California Vaccinations Exemption Law SB 277

California has passed an important and controversial new bill that mandates that all children should be vaccinated in order to attend school, regardless of their parents’ personal or religious beliefs.


“The three great mysteries in life are the Holy Trinity, transubstantiation and Jerry Brown’s mind,” Claremont McKenna College political science professor Jack Pitney told the newspaper.

“He knows the science. I’ve tracked his statements over the years on various issues, and he is aware of the need for vaccinations — he knows how measles spreads,” Pitney said. “The question is whether he sees this as an issue of religious freedom.”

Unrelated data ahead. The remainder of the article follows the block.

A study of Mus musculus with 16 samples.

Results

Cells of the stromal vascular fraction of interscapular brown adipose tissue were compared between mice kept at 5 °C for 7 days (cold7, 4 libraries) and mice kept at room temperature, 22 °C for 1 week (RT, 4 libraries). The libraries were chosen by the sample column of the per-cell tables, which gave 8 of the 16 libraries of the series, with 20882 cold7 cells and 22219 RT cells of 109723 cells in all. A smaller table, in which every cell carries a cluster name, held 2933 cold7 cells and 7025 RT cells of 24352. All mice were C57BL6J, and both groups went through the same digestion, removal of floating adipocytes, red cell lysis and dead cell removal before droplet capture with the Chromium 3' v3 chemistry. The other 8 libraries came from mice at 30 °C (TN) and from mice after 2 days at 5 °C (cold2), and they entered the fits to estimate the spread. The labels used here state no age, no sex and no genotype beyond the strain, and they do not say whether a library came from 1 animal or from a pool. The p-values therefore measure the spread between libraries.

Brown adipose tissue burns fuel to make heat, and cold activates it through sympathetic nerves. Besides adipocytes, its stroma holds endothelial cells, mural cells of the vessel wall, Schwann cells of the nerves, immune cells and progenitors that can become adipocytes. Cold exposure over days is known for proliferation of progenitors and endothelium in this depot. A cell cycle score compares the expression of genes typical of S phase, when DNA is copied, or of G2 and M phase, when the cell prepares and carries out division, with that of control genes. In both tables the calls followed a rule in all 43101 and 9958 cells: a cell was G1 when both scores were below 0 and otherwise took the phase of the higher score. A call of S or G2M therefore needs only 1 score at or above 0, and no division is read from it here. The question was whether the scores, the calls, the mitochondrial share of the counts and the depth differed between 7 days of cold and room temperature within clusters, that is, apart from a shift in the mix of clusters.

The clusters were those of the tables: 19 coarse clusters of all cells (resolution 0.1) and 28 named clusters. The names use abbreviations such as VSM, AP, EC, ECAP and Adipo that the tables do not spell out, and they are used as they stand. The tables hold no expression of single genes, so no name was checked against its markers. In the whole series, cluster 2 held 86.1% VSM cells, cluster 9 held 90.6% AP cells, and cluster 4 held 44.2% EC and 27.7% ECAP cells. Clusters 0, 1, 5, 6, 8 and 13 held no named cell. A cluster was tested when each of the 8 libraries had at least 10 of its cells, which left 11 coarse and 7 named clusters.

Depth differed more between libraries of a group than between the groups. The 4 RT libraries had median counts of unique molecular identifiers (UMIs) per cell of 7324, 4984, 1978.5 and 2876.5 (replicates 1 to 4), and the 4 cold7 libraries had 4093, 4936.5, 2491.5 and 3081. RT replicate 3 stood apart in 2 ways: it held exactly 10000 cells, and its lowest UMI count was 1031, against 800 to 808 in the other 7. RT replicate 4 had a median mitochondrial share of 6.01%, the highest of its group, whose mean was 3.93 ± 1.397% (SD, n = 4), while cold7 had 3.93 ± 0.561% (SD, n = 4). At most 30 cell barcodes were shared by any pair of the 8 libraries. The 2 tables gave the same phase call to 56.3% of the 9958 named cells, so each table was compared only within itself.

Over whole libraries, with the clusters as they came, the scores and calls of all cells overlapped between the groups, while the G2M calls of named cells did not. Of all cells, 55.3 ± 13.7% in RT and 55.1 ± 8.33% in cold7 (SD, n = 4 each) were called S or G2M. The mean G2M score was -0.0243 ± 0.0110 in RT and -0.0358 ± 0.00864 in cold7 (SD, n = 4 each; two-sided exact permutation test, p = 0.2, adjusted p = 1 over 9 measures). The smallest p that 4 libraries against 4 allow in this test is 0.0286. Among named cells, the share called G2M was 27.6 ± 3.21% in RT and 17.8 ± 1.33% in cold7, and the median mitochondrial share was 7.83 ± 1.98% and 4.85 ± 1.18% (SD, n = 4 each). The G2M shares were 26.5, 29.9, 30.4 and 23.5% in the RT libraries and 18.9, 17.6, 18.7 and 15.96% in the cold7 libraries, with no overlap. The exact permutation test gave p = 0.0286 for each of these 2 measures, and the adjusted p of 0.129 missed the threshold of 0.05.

Previously, Brown told the Department of Public Health to allow people “whose religious beliefs preclude vaccinations” to avoid having to obtain a physician’s signature for a vaccination exemption, as required by a 2012 vaccine policy (AB 2109) that he supported.

If enacted into law, SB 277 would make California only the third state that permits only medical exemptions for vaccinations – the other two states are Mississippi and West Virginia.

The new bill is partly inspired by the measles outbreak that began in Disneyland last December, clear proof that not all parents are on the same page when it comes to vaccinating their children.

Chris Smith started writing about gadgets as a hobby, and before he knew it he was sharing his views on tech stuff with readers around the world. Whenever he's not writing about gadgets he miserably fails to stay away from them, although he desperately tries. But that's not necessarily a bad thing.